With the Southside of Chicago becoming engulfed in constant violence, and Calvin’s son starting to slowly fall prey to local gangs, Calvin comes at the crossroad of fighting against the violence or moving away.
Feeding off the #BlackLivesMatter movement, Ice Cube and company seem to throw their own 2 cents in, share some corny jokes, and perhaps come off more preachy than anything else. Especially since the movie tries to feature a diverse cast, and slightly varied opinions, but ultimately still falls in the same potholes anyone who stands up on a soapbox does. Especially when they want to make criticisms about Black culture but ignore their own misogyny.
Main Storyline (with Commentary)
After so many years in Southside Chicago, Calvin (Ice Cube) is getting sick of the madness. His son Jalen (Michael Rainey Jr.) is 14, starting to get a mouth on him, and is getting into fights at school; the shop is in an area in which bullets sometimes are flying; and while he still loves cutting hair, there are times where he just doesn’t want to do it in his usual location no more. Now, whether or not he thinks the same Southside clients would follow him to a different shop is another story, but either way when One-Stop (J.B. Smoove) presents him an option to bounce, he considers it.
All the while, his co-workers damn near all deal with relationship drama, their own kids staying out of trouble, and of course there are back and forth arguments between Angie’s (Regina Hall) workers and Calvin’s.
While Barber Shop: The Next Cut isn’t on the level of most comedies out there, it will make you chuckle a little bit throughout. This is mostly due to a handful of corny jokes, especially by Lamorne Morris and Utkarsh Ambudkar. They aren’t alone though, every now and then Cedric the Entertainer lives up to his stage name, and Common gets a few laughs out of you too.
When it comes to dialog and storyline, while the movie surely isn’t filled with deep socio-political conversation or commentary, to me anyway, it does attempt to balance speaking about crime, misogyny, raising children in an urban area, and comedy fairly well.
Recognizing that this movie can only be taken so seriously, there are two moments which made me wonder how dumb is Calvin. The first being touching the guns of a major local crime leader, bare handed mind you, then having said crime leader, and another, come into his shop, at the same time, in order to have a sit down. Mind you, rather than call and perhaps have the conversation over the phone, or at least ask if they would be willing to over the phone, instead he tricks them. Leading you to wonder if Calvin, and his team, never really thought about one of the guys just pulling out a strap and saying screw this barbershop since, for the 2nd time, they decide to have me in the same place as the dude who tries to kill people on my team. I mean, just to note it, some do think the idea is dumb, and yet they do it anyway.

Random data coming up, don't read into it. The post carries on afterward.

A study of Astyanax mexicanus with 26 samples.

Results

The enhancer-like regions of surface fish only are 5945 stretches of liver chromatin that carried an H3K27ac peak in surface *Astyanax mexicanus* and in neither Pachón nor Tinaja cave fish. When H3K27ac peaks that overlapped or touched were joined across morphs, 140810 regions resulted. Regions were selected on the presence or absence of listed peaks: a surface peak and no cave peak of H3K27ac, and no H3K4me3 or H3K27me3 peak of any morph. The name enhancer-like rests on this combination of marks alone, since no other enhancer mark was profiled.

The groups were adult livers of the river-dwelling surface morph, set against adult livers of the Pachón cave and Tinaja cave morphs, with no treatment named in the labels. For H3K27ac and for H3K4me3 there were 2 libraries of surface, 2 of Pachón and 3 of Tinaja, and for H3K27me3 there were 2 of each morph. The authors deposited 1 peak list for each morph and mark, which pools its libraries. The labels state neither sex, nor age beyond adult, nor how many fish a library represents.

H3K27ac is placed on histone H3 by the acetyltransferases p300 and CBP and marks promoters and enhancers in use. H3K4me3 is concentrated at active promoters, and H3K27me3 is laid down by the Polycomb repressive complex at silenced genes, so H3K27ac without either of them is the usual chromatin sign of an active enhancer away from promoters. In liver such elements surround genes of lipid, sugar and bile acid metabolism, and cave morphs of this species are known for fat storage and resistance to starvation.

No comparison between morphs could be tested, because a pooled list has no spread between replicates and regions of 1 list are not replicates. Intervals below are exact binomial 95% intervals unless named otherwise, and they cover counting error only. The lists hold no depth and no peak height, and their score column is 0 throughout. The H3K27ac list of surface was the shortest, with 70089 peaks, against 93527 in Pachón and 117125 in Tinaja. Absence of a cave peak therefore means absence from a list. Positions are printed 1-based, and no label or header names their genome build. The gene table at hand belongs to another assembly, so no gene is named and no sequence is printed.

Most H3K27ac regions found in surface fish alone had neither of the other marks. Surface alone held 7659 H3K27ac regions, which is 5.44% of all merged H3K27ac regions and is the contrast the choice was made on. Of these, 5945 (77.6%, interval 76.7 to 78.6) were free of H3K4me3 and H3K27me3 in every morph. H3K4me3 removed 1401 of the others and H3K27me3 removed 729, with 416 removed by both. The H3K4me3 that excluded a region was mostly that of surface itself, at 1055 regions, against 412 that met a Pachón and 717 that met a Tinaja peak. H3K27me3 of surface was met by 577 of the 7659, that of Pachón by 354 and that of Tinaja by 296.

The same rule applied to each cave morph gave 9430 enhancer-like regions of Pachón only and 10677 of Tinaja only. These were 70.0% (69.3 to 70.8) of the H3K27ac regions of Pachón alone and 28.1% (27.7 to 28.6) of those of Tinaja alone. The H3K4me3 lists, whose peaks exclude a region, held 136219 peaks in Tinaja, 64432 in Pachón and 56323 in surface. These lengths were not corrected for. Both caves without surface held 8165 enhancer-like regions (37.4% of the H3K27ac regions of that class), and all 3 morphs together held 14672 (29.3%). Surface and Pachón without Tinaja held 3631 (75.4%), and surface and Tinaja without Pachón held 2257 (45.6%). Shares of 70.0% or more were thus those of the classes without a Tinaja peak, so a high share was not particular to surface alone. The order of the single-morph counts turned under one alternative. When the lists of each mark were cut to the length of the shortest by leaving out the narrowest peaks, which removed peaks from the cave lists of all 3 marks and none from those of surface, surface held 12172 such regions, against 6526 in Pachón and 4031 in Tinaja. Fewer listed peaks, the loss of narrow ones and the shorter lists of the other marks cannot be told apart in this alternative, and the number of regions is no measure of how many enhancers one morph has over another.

While I would never see a movie for Nicki Minaj, I must say that there was some hope that she could handle a comedy position. Well, to say the least, she held her own, but unfortunately her character wasn’t handled that well. You see, there are some jokes at her expense, in terms of making fun of the type of girls she is perceived to be, but just when you thought her character Draya wasn’t going to be the type everyone thought she was, they decide to just let her become a hoe. Which was messed up to me for it would have been cool if they showed Draya as someone genuinely interested in being Rashad’s (Common) friend, and not just some girl trying to mess around with him. For while it is nice the film wants to get a little preachy, almost in a pre-rape Bill Cosby way, about gang violence and all that, it took one of its prime opportunities to show itself as something different and ruined it. I mean, not only is Draya devolved into someone willing to break up a marriage, one she knows has been going on for a while, but then after she nearly gets her behind whipped, and she apologizes, she offers herself up for a threesome. And while, I guess, points should be given to Jerrod (Lamorne Morris) for noting that the man should be part of the blame game, honestly I didn’t see the point of the movie going down the road it did with Draya in the first place.
The film features a cheap death to try to make you feel something, but does little to nothing to build to it so it feels very formulaic.
On The Fence
While I enjoyed Morris and Ambudkar in this movie, a part of me did feel they were included just for the sake of some sort of diversity. Ambudkar to bring a different perspective about Black culture, which to a point was appreciated, and Morris to be a weird and nerdy black guy. Which in itself was fine, I mean he got the girl in the end, but there were times I honestly felt the movie tries a little too hard to bring these vastly different personalities under one shop. You got Morris and Ambudkar who are the outsiders, the almost oreos of the group, then on Angie’s side you got the earthy, Erykah Badu type in Bree (Margot Bingham) and then Draya who is supposed to represent the Instagram model types. And while, who knows, maybe there are barbershops out there which foster this kind of diversity due to talent or what have you, I thought personally the chemistry felt almost unnatural.